UN Resolution 1325
(Ten strategies for tackling issues pertaining to Women, Peace and Security)
By Dr. Riyad Mansour

Mr. President,

We thank France for organizing this important meeting and extend our appreciation to the Chef de Cabinet of the Secretary General, the Executive Director of UN Women, the NGO Working Group on Women, Peace and Security and the Secretary-General of the Organisation Internationale de la Francophonie for their efforts and important briefings.

The issue before us is of relevance not only for half the planet, but to all, given the role and contribution of women in the fields of peace and security and the untapped potential that could be unleashed by mainstreaming their participation. Since the adoption by consensus of resolution 1325 by this Council, a lot has happened, and yet we are still far from the goal of full and equal participation, including in the prevention and resolution of conflicts and in peace-building, and from ensuring the protection and empowerment of women. Gender equality and non-discrimination remain prerequisites for the fulfilment of the purposes and principles of this organization and all of our lofty, collective commitments, including the 2030 Agenda for Sustainable Development.

The State of Palestine welcomes the Secretary Generalís report and his commitment to implementing the women and peace and security agenda, including by placing gender at the centre of his prevention platform and surge in diplomacy. We appreciate all efforts by the UN in this regard, including by UN Women, OHCHR and UNDP, notably in the field of human rights, capacity building, employment and rule of law. We urge UN bodies, notably those operating in Palestine, including the Special Representative, to intensify their engagement and collaboration with women organizations.

Mr. President,

I wish to highlight some of Palestineís own important efforts in this regard. The Palestinian womenís movement is one of the oldest and strongest in the region and beyond, with institutional and representative structures established as early as the 19th century. Within the PLO, the General Union of Palestinian Women was among the first unions to be established. A coordination of women frameworks within PLO political parties and other organizations has also been established as the ďWomenís Affairs Technical CommitteeĒ in the aftermath of the 1991 Madrid Peace Conference.

There have been many achievements thereafter. Among them: In 2012, Palestine inaugurated a High-Level National Committee for the implementation of resolution 1325, led by the Ministry of Women Affairs in partnership with relevant Ministries and NGOs. In 2016, the State of Palestine was among the 68 countries and areas that adopted a National Action Plan on women, peace and security.

This Action Plan (2017-2019), adopted by both the Government and civil society organizations, identifies three primary objectives: 1. ensuring protection for women and girls both domestically and in the face of the Israeli occupation; 2. ensuring accountability through national and international mechanisms, with a particular focus on crimes and violations committed by the occupation; and 3. furthering womenís political participation in decision making at the national and international level. The State of Palestine also joined core IHL and human rights instruments, including CEDAW, without reservations. Womenís participation and empowerment are also important and cross-cutting objectives in the context of the National Policy Agenda (2017-2022).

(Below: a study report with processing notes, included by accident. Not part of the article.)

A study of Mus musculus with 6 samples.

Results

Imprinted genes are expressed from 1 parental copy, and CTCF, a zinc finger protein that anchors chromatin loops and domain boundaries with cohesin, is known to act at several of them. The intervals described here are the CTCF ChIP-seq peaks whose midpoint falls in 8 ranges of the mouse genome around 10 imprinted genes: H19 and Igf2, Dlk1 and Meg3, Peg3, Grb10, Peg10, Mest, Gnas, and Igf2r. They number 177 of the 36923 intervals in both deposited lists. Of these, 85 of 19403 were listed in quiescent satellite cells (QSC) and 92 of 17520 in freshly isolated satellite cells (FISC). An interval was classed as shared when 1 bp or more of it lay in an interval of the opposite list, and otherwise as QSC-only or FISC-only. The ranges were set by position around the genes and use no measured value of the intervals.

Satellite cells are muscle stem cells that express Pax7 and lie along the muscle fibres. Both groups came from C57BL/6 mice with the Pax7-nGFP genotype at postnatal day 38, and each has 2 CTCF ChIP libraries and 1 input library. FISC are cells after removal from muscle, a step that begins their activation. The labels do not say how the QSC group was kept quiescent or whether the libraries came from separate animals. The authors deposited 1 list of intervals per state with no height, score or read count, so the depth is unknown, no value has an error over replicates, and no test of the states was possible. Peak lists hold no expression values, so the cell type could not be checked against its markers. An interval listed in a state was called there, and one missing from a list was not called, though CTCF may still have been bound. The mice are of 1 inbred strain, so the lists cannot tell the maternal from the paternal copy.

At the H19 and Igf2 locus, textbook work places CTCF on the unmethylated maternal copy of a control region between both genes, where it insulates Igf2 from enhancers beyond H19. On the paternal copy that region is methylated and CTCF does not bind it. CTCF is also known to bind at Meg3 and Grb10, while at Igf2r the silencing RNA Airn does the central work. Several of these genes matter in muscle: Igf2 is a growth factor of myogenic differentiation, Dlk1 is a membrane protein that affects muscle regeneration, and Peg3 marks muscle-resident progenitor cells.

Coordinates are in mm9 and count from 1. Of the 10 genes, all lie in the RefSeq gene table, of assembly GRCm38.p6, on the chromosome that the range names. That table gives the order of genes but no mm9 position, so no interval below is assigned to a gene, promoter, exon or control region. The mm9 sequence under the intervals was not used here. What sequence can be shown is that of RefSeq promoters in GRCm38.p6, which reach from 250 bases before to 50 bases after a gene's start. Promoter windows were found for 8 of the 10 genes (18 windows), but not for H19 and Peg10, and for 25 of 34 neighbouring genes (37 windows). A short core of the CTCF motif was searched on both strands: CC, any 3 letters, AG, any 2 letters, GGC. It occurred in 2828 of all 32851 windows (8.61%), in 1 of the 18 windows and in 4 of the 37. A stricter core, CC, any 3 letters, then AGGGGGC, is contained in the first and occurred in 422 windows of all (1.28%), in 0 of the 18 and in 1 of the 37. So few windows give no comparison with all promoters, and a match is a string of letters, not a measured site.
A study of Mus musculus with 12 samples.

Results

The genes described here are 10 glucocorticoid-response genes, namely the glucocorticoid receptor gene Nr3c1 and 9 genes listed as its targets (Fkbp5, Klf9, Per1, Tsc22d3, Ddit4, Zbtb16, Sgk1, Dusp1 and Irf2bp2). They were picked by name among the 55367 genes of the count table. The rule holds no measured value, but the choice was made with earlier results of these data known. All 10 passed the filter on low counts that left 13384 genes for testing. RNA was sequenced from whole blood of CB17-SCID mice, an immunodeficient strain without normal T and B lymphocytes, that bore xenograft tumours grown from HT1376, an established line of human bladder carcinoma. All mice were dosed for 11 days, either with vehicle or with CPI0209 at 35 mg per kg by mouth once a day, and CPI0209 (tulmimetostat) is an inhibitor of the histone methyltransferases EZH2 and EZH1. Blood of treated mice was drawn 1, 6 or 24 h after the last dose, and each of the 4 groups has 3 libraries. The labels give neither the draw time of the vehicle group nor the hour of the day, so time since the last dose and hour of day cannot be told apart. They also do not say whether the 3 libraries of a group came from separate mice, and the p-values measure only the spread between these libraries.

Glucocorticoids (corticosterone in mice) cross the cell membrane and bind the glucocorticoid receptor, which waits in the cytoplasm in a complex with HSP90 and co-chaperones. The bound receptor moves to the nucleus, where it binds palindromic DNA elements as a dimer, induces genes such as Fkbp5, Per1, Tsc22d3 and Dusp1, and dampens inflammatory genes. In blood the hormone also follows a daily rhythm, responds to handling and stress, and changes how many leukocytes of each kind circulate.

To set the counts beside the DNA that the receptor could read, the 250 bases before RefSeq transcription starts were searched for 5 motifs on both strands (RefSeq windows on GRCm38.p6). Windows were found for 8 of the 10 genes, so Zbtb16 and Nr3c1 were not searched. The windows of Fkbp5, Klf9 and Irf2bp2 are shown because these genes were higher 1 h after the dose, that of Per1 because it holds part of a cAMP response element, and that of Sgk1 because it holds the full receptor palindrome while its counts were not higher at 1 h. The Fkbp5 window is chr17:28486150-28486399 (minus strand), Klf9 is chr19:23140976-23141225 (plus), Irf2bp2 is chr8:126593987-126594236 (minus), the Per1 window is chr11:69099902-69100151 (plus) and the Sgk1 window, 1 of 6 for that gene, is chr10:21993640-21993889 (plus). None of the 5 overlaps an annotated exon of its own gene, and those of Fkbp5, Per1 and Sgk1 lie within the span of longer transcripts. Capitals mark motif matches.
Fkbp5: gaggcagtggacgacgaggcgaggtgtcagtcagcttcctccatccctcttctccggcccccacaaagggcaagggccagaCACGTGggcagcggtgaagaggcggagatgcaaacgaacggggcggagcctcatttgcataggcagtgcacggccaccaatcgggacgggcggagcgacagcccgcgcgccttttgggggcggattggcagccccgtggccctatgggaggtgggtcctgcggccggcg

We are, however, conscious that, despite all these efforts, much more work remains to be done. Only in 2009 was a women elected to the highest executive body of the PLO. Quotas are still decisive in allowing womenís election to Parliament and local councils. And while women organizations were among the strongest advocates of national reconciliation, they have been unfairly absent from reconciliation talks. The relevant legislative framework applicable in Palestine is also outdated and must be revised to ensure consistency with Palestineís international commitments and obligations and avail women the protection and rights they are entitled to and the opportunities they deserve.

Mr. President,

The Palestinian womenís movement since its establishment over a century ago pursued the struggle on two fronts Ė the struggle for the independence of Palestine and the struggle for womenís rights and empowerment Ė a dual struggle the movement continues to pursue to this day. The Israeli occupation remains the main source of the violations of our womenís rights and their vulnerability and violence against their person. We have repeatedly called for protection of the Palestinian people, especially women and children. We have also called for accountability, a key element of resolution 1325, the first resolution to address the disproportionate and unique impact of armed conflict on women, as the only way to put an end to violations and crimes.

While Palestine stands ready to do its part to advance women rights and the role of women in the fields of peace and security, it is clear that the enjoyment of these rights in our country necessitates ending the Israeli occupation. We will thus continue to work for an end of the occupation and true progress on the path to independence, justice and peace, with the equal and full involvement of women, leading to an independent State of Palestine ensuring human rights for all its citizens without discrimination.